The other day, my sister and I were at Target when a young Black girl approached us smiling saying, “Hey, your hair looks like mine!”
My hair was styled in Bantu knots and my sister was wearing non-synthetic individual braids. This moment was significant for the Black child in our majority white town. It signified that her hair was normal, acceptable, and beautiful. Similar sentiments were felt all around the world, specifically by the Black community, as we saw ourselves in newly sworn-in Vice President, Kamala Harris.
We felt seen and appreciated as people of color and expressed joy for gaining representation in the White House. We quickly became confident that Harris — as she had so many times in her career — would be a voice for Black and underrepresented communities. Our hope was restored in a country that could grant opportunities to women and people of color.
With all this, we also wondered what Kamala Harris’s time in office could mean for Black hair. The hair decisions afforded to Black women are inherently political. We decide to weave our hair and are accused of assimilating. We wear it natural or in braids and are praised for honoring our diaspora. The versatility of Black hair is a double-edged sword: great for the wearer but open for public scrutiny.
When Kamala Harris appeared on stage at the Vice Presidential debate, the internet was split on her hair choice. Twitter users debated if Harris wore a wig resulting in, “Does Kamala Harris wear a wig?” trending. Others relished in the pristine silk press the former senator was rocking. Some, like Atlanta actor Lakeith Stanfield criticized her hair saying, “I don’t like her hair, but other than that this is better than the last one but still sad.”
I get that if you’ve never experienced hair discrimination, wondering why Harris wears her hair straight might not be a big deal to you. But understand that just because it isn’t your lived experience doesn’t mean it’s not discrimination. Our hair has been marked as “unacceptable” for so long and by not being OK with the Vice President’s hairstyle, you are indirectly saying how she chooses to wear her hair should not be her choice.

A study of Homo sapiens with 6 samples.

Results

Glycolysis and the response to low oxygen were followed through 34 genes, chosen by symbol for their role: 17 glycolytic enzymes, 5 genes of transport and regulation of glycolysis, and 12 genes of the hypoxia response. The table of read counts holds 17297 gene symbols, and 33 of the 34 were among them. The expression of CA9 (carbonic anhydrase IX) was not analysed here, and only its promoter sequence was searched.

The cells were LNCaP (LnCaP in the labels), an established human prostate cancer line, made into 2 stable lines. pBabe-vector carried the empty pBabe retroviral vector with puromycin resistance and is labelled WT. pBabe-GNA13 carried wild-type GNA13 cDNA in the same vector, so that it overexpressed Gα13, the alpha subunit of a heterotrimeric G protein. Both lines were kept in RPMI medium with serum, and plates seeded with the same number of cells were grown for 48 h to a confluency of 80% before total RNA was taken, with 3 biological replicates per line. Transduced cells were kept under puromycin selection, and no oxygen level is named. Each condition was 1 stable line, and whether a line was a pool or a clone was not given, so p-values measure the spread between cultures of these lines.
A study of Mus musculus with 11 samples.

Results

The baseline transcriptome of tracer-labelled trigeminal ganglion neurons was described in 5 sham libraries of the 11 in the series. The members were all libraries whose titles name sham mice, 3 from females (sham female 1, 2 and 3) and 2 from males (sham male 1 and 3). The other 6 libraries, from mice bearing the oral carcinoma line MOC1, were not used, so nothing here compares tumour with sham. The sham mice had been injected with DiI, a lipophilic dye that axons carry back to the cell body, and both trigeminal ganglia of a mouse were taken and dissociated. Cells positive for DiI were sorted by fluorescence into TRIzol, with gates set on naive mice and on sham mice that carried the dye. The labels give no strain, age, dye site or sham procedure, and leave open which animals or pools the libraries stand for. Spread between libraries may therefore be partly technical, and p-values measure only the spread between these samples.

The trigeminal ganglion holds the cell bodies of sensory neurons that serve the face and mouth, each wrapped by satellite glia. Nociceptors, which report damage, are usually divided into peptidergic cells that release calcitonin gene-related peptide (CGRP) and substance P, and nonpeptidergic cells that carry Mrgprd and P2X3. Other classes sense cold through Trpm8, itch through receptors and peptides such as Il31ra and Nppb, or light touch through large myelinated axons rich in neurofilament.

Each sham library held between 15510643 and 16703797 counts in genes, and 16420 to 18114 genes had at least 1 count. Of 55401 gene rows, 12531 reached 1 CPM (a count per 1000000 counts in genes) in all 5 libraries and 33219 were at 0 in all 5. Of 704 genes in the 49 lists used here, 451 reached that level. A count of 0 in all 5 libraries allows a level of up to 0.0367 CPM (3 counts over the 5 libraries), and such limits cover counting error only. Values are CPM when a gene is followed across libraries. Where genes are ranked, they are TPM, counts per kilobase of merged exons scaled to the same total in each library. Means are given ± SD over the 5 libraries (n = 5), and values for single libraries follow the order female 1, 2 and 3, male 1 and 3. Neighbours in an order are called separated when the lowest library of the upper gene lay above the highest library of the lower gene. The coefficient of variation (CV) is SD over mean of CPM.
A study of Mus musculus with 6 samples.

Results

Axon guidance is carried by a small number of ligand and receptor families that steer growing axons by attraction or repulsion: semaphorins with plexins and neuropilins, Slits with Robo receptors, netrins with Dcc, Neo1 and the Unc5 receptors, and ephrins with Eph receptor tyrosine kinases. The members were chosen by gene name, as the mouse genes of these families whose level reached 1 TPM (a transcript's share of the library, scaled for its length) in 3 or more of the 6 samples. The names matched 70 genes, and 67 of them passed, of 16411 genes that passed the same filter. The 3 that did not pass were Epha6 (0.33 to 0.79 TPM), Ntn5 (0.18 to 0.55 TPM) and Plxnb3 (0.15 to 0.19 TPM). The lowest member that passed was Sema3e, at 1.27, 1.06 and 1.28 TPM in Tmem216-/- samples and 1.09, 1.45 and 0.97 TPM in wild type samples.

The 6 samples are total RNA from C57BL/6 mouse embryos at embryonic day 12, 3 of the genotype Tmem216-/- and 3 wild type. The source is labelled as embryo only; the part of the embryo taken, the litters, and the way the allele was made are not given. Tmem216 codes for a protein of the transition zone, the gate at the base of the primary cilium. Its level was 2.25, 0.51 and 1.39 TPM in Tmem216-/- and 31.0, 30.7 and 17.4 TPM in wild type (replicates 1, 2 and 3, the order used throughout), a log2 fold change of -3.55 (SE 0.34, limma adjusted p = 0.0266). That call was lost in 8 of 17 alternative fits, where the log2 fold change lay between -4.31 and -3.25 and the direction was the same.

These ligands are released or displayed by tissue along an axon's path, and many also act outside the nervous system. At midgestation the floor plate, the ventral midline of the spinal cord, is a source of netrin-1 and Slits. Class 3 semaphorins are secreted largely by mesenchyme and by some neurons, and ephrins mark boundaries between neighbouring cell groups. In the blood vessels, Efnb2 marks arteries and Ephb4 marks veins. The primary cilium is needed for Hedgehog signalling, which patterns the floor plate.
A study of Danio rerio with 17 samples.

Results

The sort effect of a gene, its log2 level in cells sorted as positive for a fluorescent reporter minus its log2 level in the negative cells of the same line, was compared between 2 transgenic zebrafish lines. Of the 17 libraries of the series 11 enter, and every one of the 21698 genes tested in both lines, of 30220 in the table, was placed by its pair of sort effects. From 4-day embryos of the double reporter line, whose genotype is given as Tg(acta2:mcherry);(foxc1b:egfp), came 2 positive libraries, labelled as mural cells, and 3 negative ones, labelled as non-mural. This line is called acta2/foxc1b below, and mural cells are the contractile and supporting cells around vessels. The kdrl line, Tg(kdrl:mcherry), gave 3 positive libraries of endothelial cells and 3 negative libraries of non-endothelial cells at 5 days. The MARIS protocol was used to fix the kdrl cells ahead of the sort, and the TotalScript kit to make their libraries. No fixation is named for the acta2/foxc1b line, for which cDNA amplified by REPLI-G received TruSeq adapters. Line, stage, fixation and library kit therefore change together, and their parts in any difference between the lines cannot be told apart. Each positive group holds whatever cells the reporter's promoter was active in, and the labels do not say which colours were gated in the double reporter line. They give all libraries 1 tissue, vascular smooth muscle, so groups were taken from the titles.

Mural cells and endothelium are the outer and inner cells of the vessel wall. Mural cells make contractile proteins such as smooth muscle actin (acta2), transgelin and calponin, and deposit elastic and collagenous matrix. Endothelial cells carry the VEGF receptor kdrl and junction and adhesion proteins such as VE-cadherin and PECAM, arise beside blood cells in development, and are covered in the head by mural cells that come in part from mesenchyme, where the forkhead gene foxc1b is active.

According to Adjoa B. Asamoah, an impact and political strategist who developed with Dove the legislative strategy for the CROWN Act — a law put in place to end hair discrimination for Black people — CROWN represents a “movement of choice including the choice and the right to straighten your hair if you choose without being on the receiving end of discrimination.” In other words, the CROWN Act was established to legitimize our experiences and our choice in deciding what hairstyle to wear, so why can’t the same be applied to Kamala Harris?
You can chalk it up to the growing list of things to never say about Black hair, like “Is it real?” or “Can I touch it?” or “Do you wash your hair?” To be clear, as a Black woman, I think it’s quite normal to daydream about the potential awareness and representation the world could witness with Harris rocking her natural texture (whatever that may be) but ultimately that’s not for us to decide. If she wants to wear her hair straight, I want the world to be OK with that.